Cheung Kong raises Ocean Pride prices by 10 per cent in a week in market’s bullish outlook
Selected higher floor units at CK Property’s Ocean Pride project in Tsuen Wan will be subject to a price increase of 10 per cent
Cheung Kong Property Holdings will raise the price of its third batch of Ocean Pride apartments by 10 per cent, a week after selling out all 842 of the project’s earlier units, a marketing strategy that underscores the expectation that Hong Kong’s record home prices won’t succumb to gravity.
Prices for the 122 units in the third batch of Cheung Kong’s Ocean Pride apartments next to the Tsuen Wan West subway station will be priced between HK$12,700 per square foot and HK$22,000 per sq ft after a 20 per cent discount, the developer said.
“The price is about 2 to 10 per cent higher than the previous launches,” said William Kwok, a director of the developer’s wholly-owned subsidiary Cheung Kong Real Estate.
Cheung Kong won’t be alone in raising prices. Residential property prices in Hong Kong, already the world’s most expensive major urban centre, will increase by another 5 to 10 per cent in 2017, according to a forecast by Knight Frank, despite best efforts by the city’s government and monetary authority to cap prices.
Hong Kong’s government raised the stamp duty on residential property purchases by non-local buyers to 15 per cent, while the monetary authority on May 19 ordered banks to cut the amount of allowable loans on homes by 10 percentage points, in moves aimed at deflating a property bubble that has already surpassed the city’s previous peak in 2015.
Still, prices are likely to rise by 10 per cent among luxury residences exceeding HK$12 million (US$1.54 million), where one in every five buyers is likely to hail from mainland China, Knight Frank said.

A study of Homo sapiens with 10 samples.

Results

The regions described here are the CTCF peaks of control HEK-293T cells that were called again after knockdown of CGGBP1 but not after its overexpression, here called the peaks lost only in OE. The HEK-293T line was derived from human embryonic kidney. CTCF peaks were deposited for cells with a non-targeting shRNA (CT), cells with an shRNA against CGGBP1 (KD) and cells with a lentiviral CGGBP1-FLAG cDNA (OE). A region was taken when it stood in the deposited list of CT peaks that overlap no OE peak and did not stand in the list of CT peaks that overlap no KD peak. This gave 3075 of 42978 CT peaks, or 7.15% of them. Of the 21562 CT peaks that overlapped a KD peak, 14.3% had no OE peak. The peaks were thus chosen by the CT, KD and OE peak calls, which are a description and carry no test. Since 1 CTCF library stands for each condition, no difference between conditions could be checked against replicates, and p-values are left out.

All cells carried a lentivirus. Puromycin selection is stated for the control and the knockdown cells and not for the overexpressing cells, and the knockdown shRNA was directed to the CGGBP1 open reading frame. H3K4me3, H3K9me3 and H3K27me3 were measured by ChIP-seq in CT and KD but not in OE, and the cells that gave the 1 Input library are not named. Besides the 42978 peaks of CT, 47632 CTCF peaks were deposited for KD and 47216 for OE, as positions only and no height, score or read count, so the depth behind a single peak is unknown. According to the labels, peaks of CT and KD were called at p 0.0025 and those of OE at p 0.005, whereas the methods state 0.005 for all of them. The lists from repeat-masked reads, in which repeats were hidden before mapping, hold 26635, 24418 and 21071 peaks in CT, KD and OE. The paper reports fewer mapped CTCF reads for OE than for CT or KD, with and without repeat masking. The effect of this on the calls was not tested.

“It is the highest proportion since 2013 after the buyer stamp duty was introduced,” said Thomas Lam, a senior director and head of valuation and consultancy at Knight Frank.
While mainland Chinese buyers are snapping up apartments and luxury homes, mainland developers -- who’ve spent HK$40 billion buying land this year -- are also piling on to add to Hong Kong’s housing stock, estimated to account for between 15 per cent to 20 per cent over the next three to four years.
Grade-A office rents in Central are likely to rise by 5 to 10 per cent this year, while those in Kowloon are forecast to drop 2 to 5 per cent, Knight Frank said. Rents for prime street shops are forecast to decline 0.5 per cent, the property consultancy said.
Midland Realty estimates that total monthly property transactions for May, including apartments, shops, industrial units, car parking spaces, will decline 16.2 per cent on month to 7,527 transactions.